Coconut farmers to seek Sen. Go’s intervention

Published October 5, 2020, 6:00 AM

by Madelaine B. Miraflor

Getting helpless over the Senate version of the proposed Coco Levy Act, coconut farmers will attempt to seek for the intervention of Senator Bong Go, the longtime aide of President Rodrigo Duterte, about the “unfavorable” provisions of the proposed bill that sought to release the P100-billion coconut levy fund.

Pambansang Kilusan ng Magbubukid sa Pilipinas (PKMP) Chairman Eduardo Mora told Business Bulletin that his group, which represents more than 100,000 coconut farmers across the country, will seek Senator Go’s help saying they are already running out of options when it comes to fighting for how they think the P100-billion coconut levy fund should be released.

The Coconut Farmers and Industry Trust Fund bill or the Coco Levy Act, which was vetoed by Duterte last year, was recently approved on second reading in the Senate.

The proposed law will pave the way for the release of the coco levy fund, the tax collected from coconut farmers from 1972 to 1982 by the administration of former President Ferdinand Marcos.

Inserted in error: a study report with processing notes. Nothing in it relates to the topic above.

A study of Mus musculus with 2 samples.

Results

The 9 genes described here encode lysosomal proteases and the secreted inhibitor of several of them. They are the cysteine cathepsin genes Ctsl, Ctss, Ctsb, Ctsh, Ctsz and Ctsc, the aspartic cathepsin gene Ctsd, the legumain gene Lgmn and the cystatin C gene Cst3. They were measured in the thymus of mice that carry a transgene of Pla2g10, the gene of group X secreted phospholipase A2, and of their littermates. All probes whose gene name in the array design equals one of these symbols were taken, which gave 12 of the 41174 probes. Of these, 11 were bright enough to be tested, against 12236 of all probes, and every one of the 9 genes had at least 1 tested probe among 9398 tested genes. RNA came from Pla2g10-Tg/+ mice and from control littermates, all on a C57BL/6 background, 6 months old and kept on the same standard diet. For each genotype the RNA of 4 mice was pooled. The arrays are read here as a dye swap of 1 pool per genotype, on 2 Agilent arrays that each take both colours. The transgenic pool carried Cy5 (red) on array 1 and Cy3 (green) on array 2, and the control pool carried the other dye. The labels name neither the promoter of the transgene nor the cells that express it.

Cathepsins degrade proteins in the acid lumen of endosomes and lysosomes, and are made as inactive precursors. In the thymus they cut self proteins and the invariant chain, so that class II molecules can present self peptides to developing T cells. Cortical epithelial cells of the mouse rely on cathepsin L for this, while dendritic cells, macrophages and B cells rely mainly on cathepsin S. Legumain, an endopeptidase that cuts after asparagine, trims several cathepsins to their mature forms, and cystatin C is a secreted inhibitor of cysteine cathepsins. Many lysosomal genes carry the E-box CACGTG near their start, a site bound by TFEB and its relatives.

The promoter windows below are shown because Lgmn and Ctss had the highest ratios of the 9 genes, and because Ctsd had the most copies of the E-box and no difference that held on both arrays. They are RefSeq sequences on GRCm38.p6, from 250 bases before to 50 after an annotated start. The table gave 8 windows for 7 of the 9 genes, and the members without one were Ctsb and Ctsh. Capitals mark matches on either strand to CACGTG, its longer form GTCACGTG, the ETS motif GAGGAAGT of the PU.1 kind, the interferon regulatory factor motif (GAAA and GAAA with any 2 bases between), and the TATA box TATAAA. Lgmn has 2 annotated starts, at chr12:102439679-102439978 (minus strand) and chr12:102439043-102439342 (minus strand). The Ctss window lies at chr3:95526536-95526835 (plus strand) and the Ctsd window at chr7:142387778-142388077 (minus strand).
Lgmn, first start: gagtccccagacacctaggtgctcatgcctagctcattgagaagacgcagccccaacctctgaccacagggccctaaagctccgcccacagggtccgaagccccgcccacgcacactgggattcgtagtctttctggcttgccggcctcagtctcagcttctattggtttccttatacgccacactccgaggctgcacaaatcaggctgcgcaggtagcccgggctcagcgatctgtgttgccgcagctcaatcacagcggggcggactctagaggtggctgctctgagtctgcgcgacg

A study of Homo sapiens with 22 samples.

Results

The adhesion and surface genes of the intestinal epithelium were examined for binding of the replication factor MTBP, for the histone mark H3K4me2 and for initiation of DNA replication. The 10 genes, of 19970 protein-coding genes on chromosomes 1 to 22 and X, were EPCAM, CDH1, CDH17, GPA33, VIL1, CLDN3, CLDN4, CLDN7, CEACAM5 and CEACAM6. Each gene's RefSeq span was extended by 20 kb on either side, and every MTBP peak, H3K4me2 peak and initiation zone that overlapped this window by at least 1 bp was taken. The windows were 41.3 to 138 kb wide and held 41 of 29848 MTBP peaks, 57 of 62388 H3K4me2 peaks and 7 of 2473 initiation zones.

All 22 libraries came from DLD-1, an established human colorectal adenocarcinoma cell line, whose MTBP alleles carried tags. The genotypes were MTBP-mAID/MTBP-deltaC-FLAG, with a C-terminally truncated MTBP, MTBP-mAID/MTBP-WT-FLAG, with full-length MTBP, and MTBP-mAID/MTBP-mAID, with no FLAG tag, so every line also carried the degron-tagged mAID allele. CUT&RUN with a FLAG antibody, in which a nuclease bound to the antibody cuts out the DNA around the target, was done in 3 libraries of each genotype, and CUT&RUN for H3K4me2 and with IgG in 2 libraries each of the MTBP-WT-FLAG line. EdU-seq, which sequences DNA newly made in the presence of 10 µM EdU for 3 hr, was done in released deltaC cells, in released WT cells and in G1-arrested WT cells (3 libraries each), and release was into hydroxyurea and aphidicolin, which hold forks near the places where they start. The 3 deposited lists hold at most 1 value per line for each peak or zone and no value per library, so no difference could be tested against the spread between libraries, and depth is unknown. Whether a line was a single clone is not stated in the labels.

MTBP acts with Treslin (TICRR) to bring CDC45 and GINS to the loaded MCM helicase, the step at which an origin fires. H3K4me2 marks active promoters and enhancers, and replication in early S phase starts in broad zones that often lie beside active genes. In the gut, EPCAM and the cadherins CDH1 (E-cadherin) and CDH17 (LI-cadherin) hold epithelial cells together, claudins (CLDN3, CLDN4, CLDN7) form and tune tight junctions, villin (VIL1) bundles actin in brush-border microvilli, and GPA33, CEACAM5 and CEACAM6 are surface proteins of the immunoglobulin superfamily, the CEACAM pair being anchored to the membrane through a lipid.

However, farmer groups like PKMP are against some of the provisions of the Coco Levy Act, which include trusting the Philippine Coconut Authority (PCA) with the fund, fewer farmer representatives in the trust fund management committee, and allowing the large coconut plantation owners to also benefit from the release.

During the recent deliberation on the Coco Levy Act, only three senators – Francis Pangilinan, Franklin Drilon and Risa Hontiveros – sought to add farmer representatives in the Trust Fund Management Committee that will be tasked to handle the coco levy fund.  

The rest of the senators, including Go, voted against it.

The committee shall be responsible for setting the investment strategy of the trust fund, including the management of the estimated P76 billion in cash, disposition of the estimated P30 billion in other assets, as well as other funds or assets still pending before the courts that may be re-conveyed to the government.

“We respect the decision of the body, but we strongly believe that our coconut farmers should be involved in all aspects of the decision-making process in the management of the coconut levy funds. It is, after all, their money; the blood, sweat, and tears of our coconut farmers,” Pangilinan said.

 The committee under the current version of the Senate bill is composed of representatives from the Departments of Finance, Budget and Management, and Justice.

Despite this development, Mora, who also serves as the representative of National Anti-Poverty Commission’s (NAPC) Farmers and Landless Rural Workers Sectoral Council, is hopeful that Go, being the one closest to the President, could help them address their plea.